3 Huge Problems Financial Reform Ignores


Congress has argued for months that financial reform is necessary to prevent another crisis. Some of the suggested measures it intends to take would help reach that goal. A systemic risk regulator might have better luck at spotting threats to the economy. A non-bank resolution authority might do a better job of winding down large firms. Yet, some economists worry that the effort fails to focus on many of the major problems that led to the crisis. In a New York Times article today, a diverse group of experts argue that Congress isn't paying attention to the some of the aspects of finance that need reform most.

Fannie & Freddie

One big problem: the government-sponsored mortgage entities, which essentially everyone agrees paid a major role in the financial crisis. They have been the recipient of a still growing $200 billion bailout. One Times source agrees:

Lawrence J. White, a finance professor at New York University, said it made no sense to overhaul financial regulation without addressing the future of federal housing policy. He said he was trying to find the strongest possible words to describe the omission of Fannie Mae and Freddie Mac from the legislation.

"It's outrageous," he finally said.

This is also a Republican complaint. Fannie and Freddie played a huge role in helping to overheat the U.S. mortgage market. Until those agencies experience some fundamental change in policy and procedures, it's hard to see how another housing disaster won't occur again in the future. There's no attempt at any reform for these companies in either of Congress' financial regulation proposals.

Credit Runs

The financial crisis was actually caused by a credit crunch. There was a sort of investor panic that led to banks and businesses not being able to turn over their short-term debt. Yet, nothing in the reform proposals would fix this problem. The article also addresses this point:

Gary B. Gorton, a finance professor at Yale, said the financial system would remain vulnerable to panics because the legislation would not improve the reliability of the markets where lenders get money, by issuing short-term debt called commercial paper or loans called repurchase agreements or "repos."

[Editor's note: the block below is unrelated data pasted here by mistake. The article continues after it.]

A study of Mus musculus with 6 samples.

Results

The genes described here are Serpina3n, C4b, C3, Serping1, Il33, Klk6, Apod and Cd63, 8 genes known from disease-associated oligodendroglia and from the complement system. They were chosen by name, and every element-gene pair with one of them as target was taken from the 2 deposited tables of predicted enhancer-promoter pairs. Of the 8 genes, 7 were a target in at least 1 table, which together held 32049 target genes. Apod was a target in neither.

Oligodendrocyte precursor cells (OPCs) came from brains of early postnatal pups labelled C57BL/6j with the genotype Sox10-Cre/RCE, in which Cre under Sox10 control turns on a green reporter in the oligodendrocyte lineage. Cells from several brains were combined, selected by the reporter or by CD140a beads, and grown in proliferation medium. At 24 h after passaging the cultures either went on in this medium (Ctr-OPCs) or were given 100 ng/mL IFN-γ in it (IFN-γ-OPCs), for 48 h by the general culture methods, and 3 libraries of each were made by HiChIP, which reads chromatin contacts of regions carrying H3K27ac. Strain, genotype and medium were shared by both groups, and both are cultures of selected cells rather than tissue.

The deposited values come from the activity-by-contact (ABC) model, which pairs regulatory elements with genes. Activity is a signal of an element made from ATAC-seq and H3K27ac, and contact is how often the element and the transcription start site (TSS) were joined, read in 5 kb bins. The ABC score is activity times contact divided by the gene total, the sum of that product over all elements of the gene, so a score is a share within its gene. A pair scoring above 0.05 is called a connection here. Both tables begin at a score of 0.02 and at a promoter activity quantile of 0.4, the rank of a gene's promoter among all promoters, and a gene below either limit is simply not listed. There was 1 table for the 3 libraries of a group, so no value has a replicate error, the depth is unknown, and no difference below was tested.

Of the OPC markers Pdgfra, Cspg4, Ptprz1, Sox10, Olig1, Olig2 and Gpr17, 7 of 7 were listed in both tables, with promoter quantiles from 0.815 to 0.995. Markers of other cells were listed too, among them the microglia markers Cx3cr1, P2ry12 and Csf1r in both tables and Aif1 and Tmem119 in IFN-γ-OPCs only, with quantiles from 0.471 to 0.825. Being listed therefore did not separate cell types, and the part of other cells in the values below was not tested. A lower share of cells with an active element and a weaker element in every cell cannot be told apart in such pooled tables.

This was especially problematic for banks. Often, they would fund their long-term lending through short-term borrowing. That's why the credit crunch was so dangerous. Congress' reform fails to provide a solution to this problem. In fact, the non-bank resolution authority might not help avoid credit runs. How would it intend to stabilize the repo and commercial paper markets when a giant firm fails? This could be one of the "costs" that the resolution's fund would pay for, but that remains unclear. Indeed, that fund may even be eliminated before the legislation is finalized.

Leverage, Capital, and Reserves

Related to this problem is that banks had too much borrowing compared to their assets. Some institutions like Lehman and Bear Sterns had ratios around or exceeding 30 to 1. Fannie Mae was leveraged something like 60 to 1. The financial reform proposals would mostly leave leverage, capital and reserve requirements up to regulators to set at a later time. Their argument is that these rules are difficult for Washington policymakers to decide in a vacuum and should be coordinated on a global basis. University of Pennsylvania professor David A. Skeel Jr. isn't convinced that will work:

"Regulators working right now will be tough," Professor Skeel said. "But we know from history that as soon as this legislative moment passes, the ball is going to shift back into Wall Street's court. As soon as the crisis passes, what inevitably happens is that the people that are paying the most attention are the banks."

Certainly, history supports his view. Regulation tends to be far less aggressive as an economic cycle gets further from its trough. The House's version of regulation would limit leverage to a ratio of 15 to 1, but the Senate bill has no such requirement. If financial institutions had more capital to back up their borrowing -- and if their obligations were more transparently represented -- then a credit crunch might not have been as widespread a problem.


Indiviglio has also written for Forbes. Prior to becoming a journalist, he spent several years working as an investment banker and a consultant.